A Little about Dingle
A Little Dally in Dingle
I have a brochure entitled Dingle’s Hidden Treasure and it includes some fine art work at St Mary’s Church with its associated cultural and spiritual centre, and I can tell you why the word hidden is used. Some murals by Nano Nagle who apparently founded the Presentation Sisters and a fresco of The Last Supper by Eleanor Yates were all secreted away behind the closed doors of occupied classrooms where lessons were in progress as we tippytoed past. I would have liked to have seen them but then the purpose of the building was education and I believe in that as well.
There are some colourful stained-glass windows too by 20th century Harry Clarke which have their own charming style but I missed taking photos of those as well.
However, two things I did achieve were firstly the photo of the church roof and stalls made of Spanish Oak and the altar made of Italian marble. Second was the historic purpose of labyrinths and mazes. It puts a whole new meaning for me on all the ones I have seen, including the maze at Blackgang Chine on the Isle of Wight, where rescuers can stand on a platform and guide the lost ones out, the one at Hampton Court Palace Gardens dark and razored neat to within an inch of its unnatural life, and the recent one on St Agnes Isles of Scilly. The one in St Mary’s church grounds at Dingle was very kind and I think it would have worked for me but generally I think I must be a little way on the spectrum because, far from soothing away the troubles of an upset mind, mazes with hedges, where one cannot just run across the rings to the exit, wind me up with frustration and do absolutely nothing for my usually calm and well-ordered mind. Yes, the first circle onto the spectrum me.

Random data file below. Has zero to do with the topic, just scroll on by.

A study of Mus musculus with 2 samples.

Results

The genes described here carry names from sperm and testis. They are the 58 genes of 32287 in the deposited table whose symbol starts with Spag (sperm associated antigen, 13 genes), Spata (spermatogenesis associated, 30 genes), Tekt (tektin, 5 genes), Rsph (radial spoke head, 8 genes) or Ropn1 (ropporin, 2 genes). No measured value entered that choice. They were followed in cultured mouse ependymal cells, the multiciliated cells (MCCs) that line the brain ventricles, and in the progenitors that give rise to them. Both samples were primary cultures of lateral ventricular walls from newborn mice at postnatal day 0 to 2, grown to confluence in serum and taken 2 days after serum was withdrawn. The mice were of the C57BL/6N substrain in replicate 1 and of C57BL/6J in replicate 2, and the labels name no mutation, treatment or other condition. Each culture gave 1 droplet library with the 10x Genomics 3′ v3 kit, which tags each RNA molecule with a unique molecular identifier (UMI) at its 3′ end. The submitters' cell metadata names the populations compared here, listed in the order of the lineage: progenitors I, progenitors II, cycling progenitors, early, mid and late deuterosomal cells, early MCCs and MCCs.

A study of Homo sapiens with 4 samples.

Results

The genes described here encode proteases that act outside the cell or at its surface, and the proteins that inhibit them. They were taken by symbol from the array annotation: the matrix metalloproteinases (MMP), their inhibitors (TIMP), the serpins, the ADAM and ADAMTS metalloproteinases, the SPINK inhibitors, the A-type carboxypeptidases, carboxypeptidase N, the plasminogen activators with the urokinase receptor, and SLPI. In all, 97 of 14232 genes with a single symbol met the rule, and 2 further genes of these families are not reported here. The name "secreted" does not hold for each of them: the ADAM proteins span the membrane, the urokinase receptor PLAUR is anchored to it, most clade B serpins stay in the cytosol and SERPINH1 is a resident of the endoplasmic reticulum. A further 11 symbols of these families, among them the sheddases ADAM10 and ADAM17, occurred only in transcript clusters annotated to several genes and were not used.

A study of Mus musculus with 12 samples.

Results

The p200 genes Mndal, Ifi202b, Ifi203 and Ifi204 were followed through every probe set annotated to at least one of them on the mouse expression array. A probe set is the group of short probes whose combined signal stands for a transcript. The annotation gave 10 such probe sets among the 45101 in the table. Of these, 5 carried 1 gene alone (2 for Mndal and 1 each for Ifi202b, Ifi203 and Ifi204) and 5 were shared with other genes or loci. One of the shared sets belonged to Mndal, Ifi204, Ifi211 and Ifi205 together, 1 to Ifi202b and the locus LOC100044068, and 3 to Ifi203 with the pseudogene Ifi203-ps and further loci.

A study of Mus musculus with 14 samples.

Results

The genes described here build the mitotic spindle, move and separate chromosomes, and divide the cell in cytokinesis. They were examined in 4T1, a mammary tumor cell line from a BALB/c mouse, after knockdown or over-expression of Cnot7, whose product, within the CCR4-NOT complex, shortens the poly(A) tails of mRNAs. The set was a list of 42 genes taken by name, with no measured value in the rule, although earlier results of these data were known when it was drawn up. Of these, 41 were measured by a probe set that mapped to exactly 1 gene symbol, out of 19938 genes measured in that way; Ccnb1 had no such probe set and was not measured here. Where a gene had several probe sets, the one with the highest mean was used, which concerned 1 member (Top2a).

After Limerick and before a bit of a challenge on the horizon we decided on a nice circuitry walk around Dingle. We headed westwards along the main road and then turned up to the right onto the main road, part of the Atlantic Way, past some nice houses, many open for the B&B trade and with pleasant views over Dingle Bay.
As you can imagine there are many pubs in Dingle and we thought we’d give the Dingle Inn a try after our walk, we were thirsty after all. I have no doubt a great evening can be had there with live music and a touch of Gaelic dancing thrown in, but we were becoming aware of the pubs that are genuine Irish, friendly small and personal, compared with those that have grown to accommodate mass tourism, seasonal trade. Apart from three paralytic gents, whom Rob was convinced hadn’t been home from the night before, we were the only ones there. Some other folk came in but when they saw the trio of legless locals they turned tail and almost ran out. We had spotted another pub just up the road that boasted visits of characters from the American TV Series ‘Cheers’ so we wandered back there but sadly it was closed.
So back through the little streets to the quay area and the first two pubs were full with diners, one publican telling us in brief but to the point words that there was no room at the inn. A few more paces towards the marina and away from the town centre we found The Marina Bar where a warm welcome awaited us and we enjoyed a little refreshment. Then back on board to prepare for the next stage of our passage northwards.
This email has been checked for viruses by Avast antivirus software.